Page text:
How to Manage Your Finances as a Small Business Owner

How to Manage Your Finances as a Small Business Owner



As part of your initial business plan, you will have created a budget, detailing the projected income and calculated outgoings for the initial trading period. The accuracy of this budget will be fundamental to your success, for a miscalculation will cause an imbalance that could have severe consequences. If you underestimate any of your costs, you will be spending more than you anticipated, and that cash will have to come from revenue or further investment. Likewise, if you forecast a certain level of income and your revenue is below your forecast, you will struggle to operate on the reduced cashflow. Therefore, it is of paramount importance that you ensure your budget is as accurate as possible.

It’s always better to underestimate income and overestimate outgoings, because in both cases you will ensure you have sufficient cashflow for the trading period, even if your expected revenue is not as high as you would have liked.

Using your budget

Budgets are not static documents. They are tools to be used and revised as the business develops, and you should be referring to the budget on a regular basis so you can monitor how well the business is performing compared to your predictions. By comparing the forecast to the actual revenue and outgoings, you will be able to see any potential problem areas that could have an effect on your profits.

For example, it would be standard practice to base your supplier costs on the price of product at the time the budget was prepared. If that price increases at any point, then by entering the revised figures into your budget, you will be able to see how this could affect profitability and take steps to manage the situation. Staying ahead of the financial changes your business is bound to encounter will ensure you are being proactive rather than trying to correct an already damaging situation.


The IRS has a fearsome reputation, and no-one wishes to fall foul of them or any other regulatory body. To ensure you make accurate tax returns, it’s best to employ a tax professional who knows exactly how to complete the forms, no matter how complex your financial circumstances.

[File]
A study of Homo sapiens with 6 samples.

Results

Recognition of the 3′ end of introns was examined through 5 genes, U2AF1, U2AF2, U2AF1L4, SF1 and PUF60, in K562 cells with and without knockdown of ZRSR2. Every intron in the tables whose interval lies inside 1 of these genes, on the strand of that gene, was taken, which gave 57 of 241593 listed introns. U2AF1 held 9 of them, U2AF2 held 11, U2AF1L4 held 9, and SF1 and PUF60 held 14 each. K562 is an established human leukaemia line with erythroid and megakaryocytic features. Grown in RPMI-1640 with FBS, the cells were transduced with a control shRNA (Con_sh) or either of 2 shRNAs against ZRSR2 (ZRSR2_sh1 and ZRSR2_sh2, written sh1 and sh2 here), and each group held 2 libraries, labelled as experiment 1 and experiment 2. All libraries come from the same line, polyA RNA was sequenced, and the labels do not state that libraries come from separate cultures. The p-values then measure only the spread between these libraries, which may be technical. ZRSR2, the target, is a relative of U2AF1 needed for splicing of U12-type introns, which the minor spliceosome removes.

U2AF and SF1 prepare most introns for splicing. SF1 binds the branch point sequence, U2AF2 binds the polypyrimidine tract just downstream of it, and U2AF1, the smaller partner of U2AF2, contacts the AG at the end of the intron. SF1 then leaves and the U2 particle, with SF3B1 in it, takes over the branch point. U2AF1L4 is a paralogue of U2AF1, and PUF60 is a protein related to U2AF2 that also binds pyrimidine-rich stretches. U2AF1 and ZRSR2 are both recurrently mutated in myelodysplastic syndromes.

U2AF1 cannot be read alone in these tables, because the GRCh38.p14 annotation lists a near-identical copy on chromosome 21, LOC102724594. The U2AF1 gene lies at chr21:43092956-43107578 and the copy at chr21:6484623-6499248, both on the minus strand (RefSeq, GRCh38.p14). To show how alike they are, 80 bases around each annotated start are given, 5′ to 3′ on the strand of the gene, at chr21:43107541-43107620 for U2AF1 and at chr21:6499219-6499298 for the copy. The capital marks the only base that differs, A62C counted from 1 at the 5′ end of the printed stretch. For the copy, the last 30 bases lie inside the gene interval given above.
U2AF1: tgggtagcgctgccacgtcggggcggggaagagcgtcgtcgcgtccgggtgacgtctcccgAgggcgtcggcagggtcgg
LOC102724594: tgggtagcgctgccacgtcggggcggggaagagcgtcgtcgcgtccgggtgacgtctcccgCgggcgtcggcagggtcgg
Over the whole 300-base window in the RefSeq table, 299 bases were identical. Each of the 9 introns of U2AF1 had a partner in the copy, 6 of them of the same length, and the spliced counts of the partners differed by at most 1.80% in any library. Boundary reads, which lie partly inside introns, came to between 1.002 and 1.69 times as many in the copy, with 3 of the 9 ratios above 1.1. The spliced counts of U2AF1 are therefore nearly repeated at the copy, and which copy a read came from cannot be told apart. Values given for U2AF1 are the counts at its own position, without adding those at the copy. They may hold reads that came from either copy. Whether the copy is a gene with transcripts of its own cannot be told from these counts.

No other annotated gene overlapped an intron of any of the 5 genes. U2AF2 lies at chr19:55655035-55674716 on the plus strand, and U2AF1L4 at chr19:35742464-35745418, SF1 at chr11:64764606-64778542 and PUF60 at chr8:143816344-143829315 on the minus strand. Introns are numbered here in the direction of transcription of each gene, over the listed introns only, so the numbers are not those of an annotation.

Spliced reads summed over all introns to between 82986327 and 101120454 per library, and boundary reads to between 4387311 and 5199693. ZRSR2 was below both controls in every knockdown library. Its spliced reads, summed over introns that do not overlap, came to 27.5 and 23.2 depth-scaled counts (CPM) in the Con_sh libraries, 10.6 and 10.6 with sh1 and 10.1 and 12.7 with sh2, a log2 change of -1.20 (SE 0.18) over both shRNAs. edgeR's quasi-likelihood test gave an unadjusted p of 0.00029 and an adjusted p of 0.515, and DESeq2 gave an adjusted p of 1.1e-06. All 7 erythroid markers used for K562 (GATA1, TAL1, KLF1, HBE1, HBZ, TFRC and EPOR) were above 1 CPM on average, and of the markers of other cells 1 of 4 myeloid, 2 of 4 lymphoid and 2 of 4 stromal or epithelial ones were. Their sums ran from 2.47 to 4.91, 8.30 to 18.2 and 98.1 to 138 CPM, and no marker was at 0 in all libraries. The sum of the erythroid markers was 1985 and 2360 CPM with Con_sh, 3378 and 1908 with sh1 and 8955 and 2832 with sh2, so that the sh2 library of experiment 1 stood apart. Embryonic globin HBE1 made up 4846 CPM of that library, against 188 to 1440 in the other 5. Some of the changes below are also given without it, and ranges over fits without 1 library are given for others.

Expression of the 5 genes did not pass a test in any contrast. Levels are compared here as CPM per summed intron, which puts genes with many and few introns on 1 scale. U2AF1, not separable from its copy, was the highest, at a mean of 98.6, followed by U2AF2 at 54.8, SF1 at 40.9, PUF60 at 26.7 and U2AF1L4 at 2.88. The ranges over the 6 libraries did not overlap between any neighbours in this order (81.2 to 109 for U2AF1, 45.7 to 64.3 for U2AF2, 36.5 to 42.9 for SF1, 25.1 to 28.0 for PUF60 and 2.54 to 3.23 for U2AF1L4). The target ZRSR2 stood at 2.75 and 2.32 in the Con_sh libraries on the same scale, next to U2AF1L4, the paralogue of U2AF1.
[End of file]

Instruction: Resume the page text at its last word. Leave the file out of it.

Being sure of compliance is only one of the benefits of engaging an expert in this field, though. Because they know the tax system inside out, they will be able to advise you on everything you can claim for on your tax return, so you are never missing out on financial gains in your tax affairs. Selecting a tax professional who is right for your business is essential, as you will be working closely with them, and their knowledge and efficiency will have a significant effect on your business success.

Getting recommendations from people you know and trust is one of the best ways of finding the right tax professional, but failing that, make your own assessment based on their website and any reviews you can find. Look for signs they are progressive and forward thinking, for example using recognized, respected software systems such as UltimateTax. Check their qualifications too, rather than taking them at their word – you don’t want to hand such an important job to someone who lacks the high-quality qualifications they claim to have. You also want to engage someone who you can get on with, with whom you have a level of rapport. You will be working closely with them on a vitally important task, so you want to enjoy the process and feel comfortable trusting them with such a responsibility.


Your tax professional will take care of your tax returns, but the data they use will be based upon the information you give them. Likewise, all your management decisions will be based on the figures that are presented to you from your financial records. Therefore, it’s essential that whoever is in charge of keeping the books is knowledgeable and meticulous in their approach. Wherever possible, use software that makes the control of data less onerous and more accurate, for example, systems that can liaise banking, invoices and payments automatically. This will reduce the number of operator errors that are likely to occur, and improve the efficiency of the system.

You also need to make sure that whoever is inputting data and managing the records has a sound knowledge of the job and all its implications, and can operate proficiently. Errors in bookkeeping will affect all the decisions you make as a business owner, and incorrect data will cause your budgets to produce misleading forecasts. This, in turn, will impact on your strategic decision-making processes, which is based on erroneous data could lead you onto an ineffective or even damaging course of action.

Like all the functions of your business, the buck stops with you, the business owner. You can’t and shouldn’t attempt to do everything yourself, but instead learn to delegate and outsource effectively. Your role then becomes one of supervisor; allowing and encouraging staff to complete tasks efficiently, but not abandoning them completely. You need to keep an eye on the work they do to ensure they are managing the tasks as desired, find out when they need extra training or assistance, and ensure that their work is accurate and complete. By retaining this level of strategic responsibility, you’ll be able to keep a check of all your finances and ensure they are being managed well, and that is the key to a sound small business venture.